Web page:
Accused NSA whistleblower Reality Winner has pled guilty to retaining and transmitting a document to a news organization after reaching a deal with the U.S. government to serve a 5-year prison sentence. Winner had faced up to 10 years in prison on charges she violated the Espionage Act by leaking a top-secret document to The Intercept about Russian interference in the 2016 election. She’s been imprisoned for the last year at the Lincoln County Jail in Georgia.
Winner, a former Air Force linguist, was arrested last June and accused of sharing a classified report about Russian interference in the 2016 election with the news media. Ms. Winner, who was honorably discharged from the Air Force in 2016, was working as a contractor for the National Security Agency when she obtained a copy of a report that described hacks by a Russian intelligence service against local election officials and a company that sold software related to voter registration.
The Intercept, an online news outlet that a prosecutor said Ms. Winner admired, published a copy of the top secret report shortly before Ms. Winner’s arrest was made public. The report described two cyberattacks by Russia’s military intelligence unit, the G.R.U. — one in August against a company that sells voter-registration-related software and another, a few days before the election, against 122 local election officials.
An F.B.I. affidavit made public after her arrest last year said there was a visible crease mark on the file, a scan of which The Intercept had provided to the government while trying to authenticate it. That prompted investigators to surmise it was a printout. Audit trails showed six people had printed copies, but only one — Ms. Winner — had used a work computer to send emails to The Intercept.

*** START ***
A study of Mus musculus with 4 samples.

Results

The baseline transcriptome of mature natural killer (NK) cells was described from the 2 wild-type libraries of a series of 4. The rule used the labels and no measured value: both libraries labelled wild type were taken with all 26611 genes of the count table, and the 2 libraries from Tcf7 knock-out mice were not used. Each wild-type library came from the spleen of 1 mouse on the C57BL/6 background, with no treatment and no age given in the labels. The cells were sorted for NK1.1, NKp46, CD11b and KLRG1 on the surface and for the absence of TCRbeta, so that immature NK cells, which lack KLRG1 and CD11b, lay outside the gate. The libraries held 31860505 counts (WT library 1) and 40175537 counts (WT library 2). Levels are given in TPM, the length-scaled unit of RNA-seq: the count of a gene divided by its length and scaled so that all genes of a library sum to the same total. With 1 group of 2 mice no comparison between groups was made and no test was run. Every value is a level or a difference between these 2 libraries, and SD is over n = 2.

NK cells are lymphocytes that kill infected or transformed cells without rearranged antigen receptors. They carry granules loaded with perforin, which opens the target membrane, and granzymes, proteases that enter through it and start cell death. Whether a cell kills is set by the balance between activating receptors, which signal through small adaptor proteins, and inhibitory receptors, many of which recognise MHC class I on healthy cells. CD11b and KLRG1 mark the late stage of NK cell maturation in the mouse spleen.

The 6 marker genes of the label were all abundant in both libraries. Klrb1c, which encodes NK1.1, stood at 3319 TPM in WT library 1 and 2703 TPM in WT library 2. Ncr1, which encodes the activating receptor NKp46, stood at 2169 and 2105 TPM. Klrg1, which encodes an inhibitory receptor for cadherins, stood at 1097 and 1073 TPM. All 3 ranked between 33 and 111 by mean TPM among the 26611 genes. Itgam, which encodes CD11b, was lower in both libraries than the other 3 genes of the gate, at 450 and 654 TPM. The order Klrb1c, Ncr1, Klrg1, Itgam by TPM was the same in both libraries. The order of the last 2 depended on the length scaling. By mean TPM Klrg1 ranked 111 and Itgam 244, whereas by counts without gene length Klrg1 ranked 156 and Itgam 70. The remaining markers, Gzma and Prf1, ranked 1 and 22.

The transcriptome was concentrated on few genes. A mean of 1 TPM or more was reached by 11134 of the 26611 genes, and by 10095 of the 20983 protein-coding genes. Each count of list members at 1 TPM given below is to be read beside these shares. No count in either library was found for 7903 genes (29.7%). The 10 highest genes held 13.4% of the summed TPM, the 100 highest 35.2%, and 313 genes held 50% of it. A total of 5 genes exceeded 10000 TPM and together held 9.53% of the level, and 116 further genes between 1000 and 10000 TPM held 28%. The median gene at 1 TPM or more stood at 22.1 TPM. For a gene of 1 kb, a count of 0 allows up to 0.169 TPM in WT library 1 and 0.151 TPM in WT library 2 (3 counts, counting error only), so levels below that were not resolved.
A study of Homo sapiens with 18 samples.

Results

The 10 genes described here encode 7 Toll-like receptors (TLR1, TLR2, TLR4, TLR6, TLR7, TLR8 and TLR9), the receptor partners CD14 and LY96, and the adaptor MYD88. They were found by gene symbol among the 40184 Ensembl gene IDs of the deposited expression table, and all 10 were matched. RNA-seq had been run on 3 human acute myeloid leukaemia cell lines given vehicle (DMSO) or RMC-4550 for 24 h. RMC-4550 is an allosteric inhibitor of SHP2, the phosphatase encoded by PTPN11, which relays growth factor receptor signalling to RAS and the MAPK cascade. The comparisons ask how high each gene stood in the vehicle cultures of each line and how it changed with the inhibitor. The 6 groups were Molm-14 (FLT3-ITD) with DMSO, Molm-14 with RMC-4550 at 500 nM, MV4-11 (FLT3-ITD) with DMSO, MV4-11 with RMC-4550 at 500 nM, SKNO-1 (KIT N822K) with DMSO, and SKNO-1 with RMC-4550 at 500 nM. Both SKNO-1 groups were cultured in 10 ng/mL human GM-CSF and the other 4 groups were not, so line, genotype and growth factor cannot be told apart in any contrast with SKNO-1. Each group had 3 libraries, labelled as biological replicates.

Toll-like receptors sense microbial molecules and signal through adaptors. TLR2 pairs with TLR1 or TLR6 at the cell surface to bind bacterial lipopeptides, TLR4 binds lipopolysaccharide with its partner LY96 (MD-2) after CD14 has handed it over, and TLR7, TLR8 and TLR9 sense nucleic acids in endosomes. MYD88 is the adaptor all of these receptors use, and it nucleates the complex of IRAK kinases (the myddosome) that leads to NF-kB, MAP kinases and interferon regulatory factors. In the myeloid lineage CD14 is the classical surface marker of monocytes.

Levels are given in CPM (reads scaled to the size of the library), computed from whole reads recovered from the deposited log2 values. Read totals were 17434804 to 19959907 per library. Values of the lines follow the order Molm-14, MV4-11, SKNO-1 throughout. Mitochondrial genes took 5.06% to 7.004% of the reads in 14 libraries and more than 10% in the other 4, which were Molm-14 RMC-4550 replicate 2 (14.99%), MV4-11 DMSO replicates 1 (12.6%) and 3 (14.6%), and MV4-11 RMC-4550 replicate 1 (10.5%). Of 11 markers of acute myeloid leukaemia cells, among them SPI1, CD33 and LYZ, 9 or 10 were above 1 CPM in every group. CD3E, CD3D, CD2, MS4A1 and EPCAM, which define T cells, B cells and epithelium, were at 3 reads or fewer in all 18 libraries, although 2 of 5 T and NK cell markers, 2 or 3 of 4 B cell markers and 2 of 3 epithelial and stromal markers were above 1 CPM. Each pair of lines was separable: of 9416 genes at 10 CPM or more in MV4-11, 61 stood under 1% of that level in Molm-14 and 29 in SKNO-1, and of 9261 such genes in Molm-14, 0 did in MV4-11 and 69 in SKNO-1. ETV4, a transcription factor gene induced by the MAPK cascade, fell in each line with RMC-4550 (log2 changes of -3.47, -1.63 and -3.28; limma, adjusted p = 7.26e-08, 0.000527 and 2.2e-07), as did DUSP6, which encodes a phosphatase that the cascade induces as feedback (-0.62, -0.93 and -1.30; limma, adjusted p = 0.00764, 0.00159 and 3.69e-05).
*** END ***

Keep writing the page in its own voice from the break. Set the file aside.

A search warrant application said she had found the report by plugging keywords into the N.S.A.’s system that fell outside her normal work duties. Computer security experts noted that the printer appeared to leave barely visible microdots on the printout identifying the serial number of the printer and the date and time of the printing: 6:20 a.m. on May 9, 2017.
The Justice Department prosecuted Ms. Winner under the Espionage Act, a World War I-era law that criminalizes the unauthorized disclosure of national-security secrets that could be used to harm the United States or aid a foreign adversary. Her decision to plead guilty to one felony count allows the government to avoid a complex trial that had been scheduled for October.
Winner is the second person known to have reached a plea agreement in a leak prosecution case under the current administration. Former F.B.I. agent, Terry J. Albury, pled guilty in April, but prosecutors in that case have hinted that they will ask that he serve 46 to 57 months in prison. The Justice Department has recently filed charges in at least two other leak-related cases. James Wolfe, a former Senate Intelligence Committee staff member, was arrested and charged with lying to the F.B.I. about his contacts with reporters, including a Times reporter with whom he had a personal relationship and whose phone records the department secretly seized, during a leak investigation. In another case, Joshua A. Schulte, a former C.I.A. software engineer, was charged with violating the Espionage Act and other laws based on accusations that he sent a stolen archive of documents and electronic tools related to the agency’s hacking operations to WikiLeaks, which called them the Vault 7 leak.